By Irvin Himmel
Jesus told about a man who had two sons. The younger son requested his portion of the goods. He apparently was tired of the restraints of living at home, desired to strike out on his own, and wanted his share of the inheritance now.
The father divided unto his sons his living. The details of the property settlement are not spelled out. The estate must have remained intact with the father in control. Possibly the younger son took his share in money, or quickly converted any property coming to him into cash.
Not many days after receiving his share, the younger son gathered his belongings together and journeyed into a far country. Free at last, free at last! No more parental supervision. No more hard work on his father’s farm. How refreshing this new freedom. How exhilarating to go wherever one chooses and to do whatever one pleases!
Carefree and disposed to live it up, he soon squandered his money in riotous, wild living. He may have met a lot of false friends who encouraged him to spend extravagantly. He cast off the principles that he had been taught at home. In time, he went broke.
An awful famine arose in that land. The young man found himself in poverty. Penniless and friendless, he looked for a job. Work was scarce. A citizen of that country took him on as a feeder of hogs. The pay was not enough to buy adequate food. He was so hungry that he desired the husks which the swine ate.
In his wretched condition, “no man gave to him.” Not one person showed pity, no one offered assistance. He had hit the bottom. He had fouled up his life. He was miserable. The future looked dismal, dreary, and depressing.
The wasteful young man who had thrown away so much looked within himself. Jesus said, “He came to himself.” He realized that the problem was not with others; he saw that the problem was one of his own making. Suicide solves nothing. Blaming others does not set one on the road to recovery. Repentance is the answer.
The youthful prodigal did some sober thinking down among the swine. He reasoned that in his father’s house, even the hired servants had an abundance of food. Perishing with hunger made no sense. He resolved to go back home, confess openly to his father, “I have sinned against heaven, and before thee.” He would admit his unworthiness to be called a son. He would plead that he be permitted to become a hired servant.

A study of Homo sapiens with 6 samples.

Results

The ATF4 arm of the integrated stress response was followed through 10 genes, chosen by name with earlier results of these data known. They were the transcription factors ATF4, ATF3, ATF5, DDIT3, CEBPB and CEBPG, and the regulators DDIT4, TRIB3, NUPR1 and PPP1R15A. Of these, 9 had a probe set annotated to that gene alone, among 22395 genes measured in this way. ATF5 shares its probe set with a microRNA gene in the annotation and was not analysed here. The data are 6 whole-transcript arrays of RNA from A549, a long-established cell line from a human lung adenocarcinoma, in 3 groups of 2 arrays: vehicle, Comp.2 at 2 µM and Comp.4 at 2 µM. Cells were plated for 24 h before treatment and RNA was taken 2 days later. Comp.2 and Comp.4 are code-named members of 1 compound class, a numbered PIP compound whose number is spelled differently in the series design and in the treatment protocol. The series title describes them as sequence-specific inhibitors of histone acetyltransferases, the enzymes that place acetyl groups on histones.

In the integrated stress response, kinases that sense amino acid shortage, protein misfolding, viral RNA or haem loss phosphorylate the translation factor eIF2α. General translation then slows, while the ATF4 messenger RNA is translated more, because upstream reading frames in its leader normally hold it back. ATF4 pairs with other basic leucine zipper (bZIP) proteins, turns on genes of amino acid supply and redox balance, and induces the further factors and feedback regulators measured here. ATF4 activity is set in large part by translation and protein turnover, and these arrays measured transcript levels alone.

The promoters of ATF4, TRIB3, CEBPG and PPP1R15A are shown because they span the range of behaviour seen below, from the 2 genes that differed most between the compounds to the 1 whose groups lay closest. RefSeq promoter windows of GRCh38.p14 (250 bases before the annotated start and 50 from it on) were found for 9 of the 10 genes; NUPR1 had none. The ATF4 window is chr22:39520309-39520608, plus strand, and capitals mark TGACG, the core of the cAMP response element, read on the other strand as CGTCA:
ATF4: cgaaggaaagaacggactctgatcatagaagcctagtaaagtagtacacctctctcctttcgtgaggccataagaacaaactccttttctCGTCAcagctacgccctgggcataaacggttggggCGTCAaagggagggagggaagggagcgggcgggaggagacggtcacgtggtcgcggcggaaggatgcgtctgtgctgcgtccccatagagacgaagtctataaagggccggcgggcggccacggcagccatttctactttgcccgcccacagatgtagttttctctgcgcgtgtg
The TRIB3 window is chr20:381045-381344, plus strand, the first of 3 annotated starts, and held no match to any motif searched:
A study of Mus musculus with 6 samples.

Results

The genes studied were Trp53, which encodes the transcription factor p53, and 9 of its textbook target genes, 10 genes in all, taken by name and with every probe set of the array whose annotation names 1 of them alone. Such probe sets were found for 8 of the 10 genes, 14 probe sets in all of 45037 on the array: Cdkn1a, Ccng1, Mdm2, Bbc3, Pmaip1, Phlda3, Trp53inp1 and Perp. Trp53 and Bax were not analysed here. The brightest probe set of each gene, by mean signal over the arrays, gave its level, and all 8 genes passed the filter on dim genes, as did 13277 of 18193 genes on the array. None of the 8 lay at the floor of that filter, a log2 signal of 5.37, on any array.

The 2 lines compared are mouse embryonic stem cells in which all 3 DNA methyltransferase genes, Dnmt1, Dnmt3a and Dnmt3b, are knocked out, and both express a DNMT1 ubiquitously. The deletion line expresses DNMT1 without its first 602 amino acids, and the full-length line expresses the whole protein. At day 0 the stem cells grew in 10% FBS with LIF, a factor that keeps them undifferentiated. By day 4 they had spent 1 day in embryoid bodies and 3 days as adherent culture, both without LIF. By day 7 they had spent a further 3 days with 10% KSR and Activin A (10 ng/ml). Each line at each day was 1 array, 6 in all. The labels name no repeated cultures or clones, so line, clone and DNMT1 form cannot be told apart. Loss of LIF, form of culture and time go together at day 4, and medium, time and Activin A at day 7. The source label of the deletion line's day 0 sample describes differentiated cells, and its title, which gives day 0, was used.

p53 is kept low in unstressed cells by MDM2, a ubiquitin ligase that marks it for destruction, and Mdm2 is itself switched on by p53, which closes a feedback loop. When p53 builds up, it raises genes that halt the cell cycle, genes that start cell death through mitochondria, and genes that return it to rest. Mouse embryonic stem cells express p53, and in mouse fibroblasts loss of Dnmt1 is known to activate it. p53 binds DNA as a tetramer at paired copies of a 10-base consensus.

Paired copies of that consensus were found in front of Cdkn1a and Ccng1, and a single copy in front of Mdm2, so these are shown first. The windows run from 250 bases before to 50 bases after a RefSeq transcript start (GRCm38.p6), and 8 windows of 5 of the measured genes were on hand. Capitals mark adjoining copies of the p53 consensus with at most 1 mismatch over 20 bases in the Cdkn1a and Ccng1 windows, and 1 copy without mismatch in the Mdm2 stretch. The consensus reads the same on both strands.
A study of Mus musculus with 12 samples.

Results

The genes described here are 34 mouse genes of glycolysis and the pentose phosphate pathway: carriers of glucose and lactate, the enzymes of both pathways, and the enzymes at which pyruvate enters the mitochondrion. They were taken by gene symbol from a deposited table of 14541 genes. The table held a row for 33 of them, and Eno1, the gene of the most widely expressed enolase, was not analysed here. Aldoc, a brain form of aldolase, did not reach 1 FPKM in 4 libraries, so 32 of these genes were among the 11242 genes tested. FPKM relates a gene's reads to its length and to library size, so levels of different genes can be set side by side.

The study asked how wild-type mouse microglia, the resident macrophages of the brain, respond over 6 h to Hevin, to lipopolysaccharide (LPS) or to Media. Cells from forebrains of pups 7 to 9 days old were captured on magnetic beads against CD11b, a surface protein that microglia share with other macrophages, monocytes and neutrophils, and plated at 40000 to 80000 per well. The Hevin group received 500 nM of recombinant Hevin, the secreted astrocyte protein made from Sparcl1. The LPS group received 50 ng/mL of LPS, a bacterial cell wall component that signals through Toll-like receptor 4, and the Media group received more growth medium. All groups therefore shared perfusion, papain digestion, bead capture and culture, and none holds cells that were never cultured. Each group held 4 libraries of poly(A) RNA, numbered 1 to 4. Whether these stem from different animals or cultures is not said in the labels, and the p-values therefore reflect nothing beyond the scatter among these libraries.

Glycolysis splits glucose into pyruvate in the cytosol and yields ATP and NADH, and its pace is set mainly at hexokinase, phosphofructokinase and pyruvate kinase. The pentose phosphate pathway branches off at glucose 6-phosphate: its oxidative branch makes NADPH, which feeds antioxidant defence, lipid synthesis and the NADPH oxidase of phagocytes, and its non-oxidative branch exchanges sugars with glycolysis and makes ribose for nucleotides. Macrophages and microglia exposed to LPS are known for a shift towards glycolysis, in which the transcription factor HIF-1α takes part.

Some people in a position similar to this young man while among the swine, cast blame on God. They blasphemously charge their Maker with lack of love and care, or else they would not be in such a mess. Some curse God; others renounce him. Why should any sin-laden soul blame God for what the sinner has brought upon himself?
The young man in the parable of Luke 15 did according to his resolution. He went home. He swallowed his pride. He cast himself on the mercy of a father whom he knew to be a man of compassion. He made no excuses. He freely confessed that he had sinned against heaven and in the sight of his father. He openly stated that he was no longer worthy to be called his son.
Repentance rewards. The father forgave his wayward son. He fell on his neck and kissed him. There was restoration and rejoicing. A robe and a ring. Feasting. Merriment. What a contrast to the scene down among the swine!
The story of the prodigal son aptly illustrates Christ’s concern for the lost and the heavenly Father’s willingness to forgive. Genuine repentance is essential to rebuilding a shattered life. Accepting responsibility for one’s own misdeeds, resolving to return to God, being courageous and humble enough to confess sins, and trusting the mercy of God — these are steps toward recovery.